Thanks to her day job at The London Smile Clinic, cosmetic dentist Dr Manrina Rhode can usually be found perfecting the teeth of the rich and famous. But this spring she swapped her city scrubs for traveling clothes on a self funded mission to Cambodia, where she spend her days treating young, underprivileged children with severe dental problems.
Here, Manrina tells us how she's settled back into London since her trip.
On my first day back I popped on a pair of heels, put on my make up and picked up my favourite handbag. None of these things were relevant during my time in Cambodia, but there were more important things to concentrate on than the speed at which the red sole of my Louboutins disintegrated. It was all about sharing life experiences and appreciating each other.
At home people often label each other. What car you drive or which hotels you stayed in do seem to matter. But in Cambodia, often they have nothing so they don't play that game. There, they wanted to know the real person - it wasn't what was on the outside that mattered.
Looking back at my pictures, I miss the children I met. It's amazing how I only spent such a short time with them, but each one made such an impact.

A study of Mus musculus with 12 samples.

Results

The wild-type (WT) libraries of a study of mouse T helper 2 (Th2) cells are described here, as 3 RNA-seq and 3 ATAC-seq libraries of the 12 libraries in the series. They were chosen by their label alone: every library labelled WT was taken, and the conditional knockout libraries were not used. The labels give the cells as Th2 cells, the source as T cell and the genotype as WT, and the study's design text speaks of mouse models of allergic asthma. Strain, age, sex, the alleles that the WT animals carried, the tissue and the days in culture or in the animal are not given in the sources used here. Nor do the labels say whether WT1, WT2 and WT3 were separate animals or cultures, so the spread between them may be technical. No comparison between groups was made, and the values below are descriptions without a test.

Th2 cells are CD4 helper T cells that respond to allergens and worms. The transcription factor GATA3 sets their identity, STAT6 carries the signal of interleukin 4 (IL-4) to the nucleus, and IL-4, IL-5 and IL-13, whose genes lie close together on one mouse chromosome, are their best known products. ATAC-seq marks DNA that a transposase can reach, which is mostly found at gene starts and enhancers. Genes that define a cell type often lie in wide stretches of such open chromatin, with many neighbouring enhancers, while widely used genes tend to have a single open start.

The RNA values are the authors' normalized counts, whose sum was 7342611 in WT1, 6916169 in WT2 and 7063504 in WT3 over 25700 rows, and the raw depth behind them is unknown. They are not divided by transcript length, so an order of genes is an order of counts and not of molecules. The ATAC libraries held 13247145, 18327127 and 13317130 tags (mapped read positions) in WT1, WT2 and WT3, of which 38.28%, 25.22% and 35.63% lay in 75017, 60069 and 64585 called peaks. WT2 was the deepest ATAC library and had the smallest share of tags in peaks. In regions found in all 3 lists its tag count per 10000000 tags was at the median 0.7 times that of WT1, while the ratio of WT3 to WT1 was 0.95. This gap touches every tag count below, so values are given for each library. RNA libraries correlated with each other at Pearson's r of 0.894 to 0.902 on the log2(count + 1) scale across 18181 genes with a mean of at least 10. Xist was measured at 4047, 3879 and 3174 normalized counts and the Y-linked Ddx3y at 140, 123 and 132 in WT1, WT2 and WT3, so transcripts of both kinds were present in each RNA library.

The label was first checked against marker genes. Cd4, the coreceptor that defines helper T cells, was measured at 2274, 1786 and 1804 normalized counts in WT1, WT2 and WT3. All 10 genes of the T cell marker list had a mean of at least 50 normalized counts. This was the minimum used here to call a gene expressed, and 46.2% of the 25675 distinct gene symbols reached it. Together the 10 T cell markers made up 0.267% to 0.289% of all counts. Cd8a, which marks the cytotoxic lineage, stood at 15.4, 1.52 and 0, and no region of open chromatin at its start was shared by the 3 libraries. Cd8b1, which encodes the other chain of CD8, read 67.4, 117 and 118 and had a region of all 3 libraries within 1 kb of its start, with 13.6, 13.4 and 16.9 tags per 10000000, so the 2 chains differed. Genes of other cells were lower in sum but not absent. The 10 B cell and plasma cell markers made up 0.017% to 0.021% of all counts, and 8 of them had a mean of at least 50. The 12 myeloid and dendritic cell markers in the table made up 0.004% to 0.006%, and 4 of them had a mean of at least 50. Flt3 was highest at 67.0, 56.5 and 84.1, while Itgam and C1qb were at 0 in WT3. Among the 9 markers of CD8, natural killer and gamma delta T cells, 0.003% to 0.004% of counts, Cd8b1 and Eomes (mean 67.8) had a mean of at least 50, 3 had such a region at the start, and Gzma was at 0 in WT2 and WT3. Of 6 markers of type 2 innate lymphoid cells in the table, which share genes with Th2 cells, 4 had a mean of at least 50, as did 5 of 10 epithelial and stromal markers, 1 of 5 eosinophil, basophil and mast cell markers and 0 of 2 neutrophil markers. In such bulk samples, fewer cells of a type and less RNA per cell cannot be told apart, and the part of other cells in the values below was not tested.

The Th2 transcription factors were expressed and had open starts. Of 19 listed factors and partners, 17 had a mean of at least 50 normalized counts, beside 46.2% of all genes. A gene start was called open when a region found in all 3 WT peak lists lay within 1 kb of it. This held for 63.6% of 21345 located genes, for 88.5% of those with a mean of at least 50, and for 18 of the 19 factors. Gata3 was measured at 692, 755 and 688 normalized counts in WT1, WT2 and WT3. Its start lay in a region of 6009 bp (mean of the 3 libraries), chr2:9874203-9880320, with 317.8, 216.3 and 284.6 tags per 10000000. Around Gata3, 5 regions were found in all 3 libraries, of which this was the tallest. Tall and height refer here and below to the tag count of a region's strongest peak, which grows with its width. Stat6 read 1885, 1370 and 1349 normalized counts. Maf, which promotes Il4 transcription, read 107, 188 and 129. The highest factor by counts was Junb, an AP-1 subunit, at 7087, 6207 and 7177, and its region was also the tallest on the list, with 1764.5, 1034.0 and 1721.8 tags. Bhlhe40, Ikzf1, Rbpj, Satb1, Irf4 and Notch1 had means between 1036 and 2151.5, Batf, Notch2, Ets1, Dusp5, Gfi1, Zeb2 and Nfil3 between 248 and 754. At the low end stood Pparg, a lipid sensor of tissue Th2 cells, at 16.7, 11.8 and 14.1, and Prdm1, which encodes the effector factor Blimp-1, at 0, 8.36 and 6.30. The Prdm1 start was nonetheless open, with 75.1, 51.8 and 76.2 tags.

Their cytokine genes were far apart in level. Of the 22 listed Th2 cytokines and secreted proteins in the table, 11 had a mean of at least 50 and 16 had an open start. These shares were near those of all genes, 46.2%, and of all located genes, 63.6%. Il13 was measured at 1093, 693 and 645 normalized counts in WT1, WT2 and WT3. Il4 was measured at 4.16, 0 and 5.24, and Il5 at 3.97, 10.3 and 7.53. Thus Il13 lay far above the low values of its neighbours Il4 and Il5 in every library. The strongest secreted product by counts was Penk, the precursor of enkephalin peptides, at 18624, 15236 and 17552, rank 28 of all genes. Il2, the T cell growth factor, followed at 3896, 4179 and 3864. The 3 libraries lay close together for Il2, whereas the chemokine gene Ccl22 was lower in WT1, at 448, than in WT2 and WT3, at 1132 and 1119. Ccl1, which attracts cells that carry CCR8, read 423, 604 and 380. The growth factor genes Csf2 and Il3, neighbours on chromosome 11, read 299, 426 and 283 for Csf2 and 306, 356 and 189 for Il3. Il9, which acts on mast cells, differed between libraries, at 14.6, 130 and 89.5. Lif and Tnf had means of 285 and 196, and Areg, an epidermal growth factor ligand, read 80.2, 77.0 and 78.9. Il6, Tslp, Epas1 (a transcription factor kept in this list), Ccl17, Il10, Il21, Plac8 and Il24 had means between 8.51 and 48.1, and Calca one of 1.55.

Today my nurse and I were recalling the cheeky things they said, their emotion filled faces even when they lay awaiting treatment, and their elation when it was over. It was also amazing that despite the language barrier they were able to show such affection - we had fun together.
I've spoken to the dentist at the clinic since my arrival home to check that the initiatives we set up are being enforced. But she tells me the building where the clinic was is being repossessed. They have found new premises, but they are smaller so less children will be seen. She put on a brave front, but I could hear the sadness in her voice.
My time in Cambodia was a truly amazing experience. People often commend me for going out there, and giving up my time and expertise to help these children, but this makes me feel embarrassed. What I did does not deserve praise.
It was a great trip and it felt good to help these children. They really appreciate everything you do and their little faces show so much love in return.
We go on so many holidays and stay in lovely hotels, but it's impossible to see the reality of the country that way. Working with the locals is a great way to meet real people and see how they live. Perhaps not all the experiences are good ones, but they are experiences non-the-less.
I would encourage anyone interested in charity work to visit the clinic in Cambodia. And don't be put off if you think it's all about dental work - it's not. During my stay I met a couple from Australia who had come over to help with the renovations, and they provided so much help. There is something for everyone, so please do get involved.
For more information, visit gcdfund.com.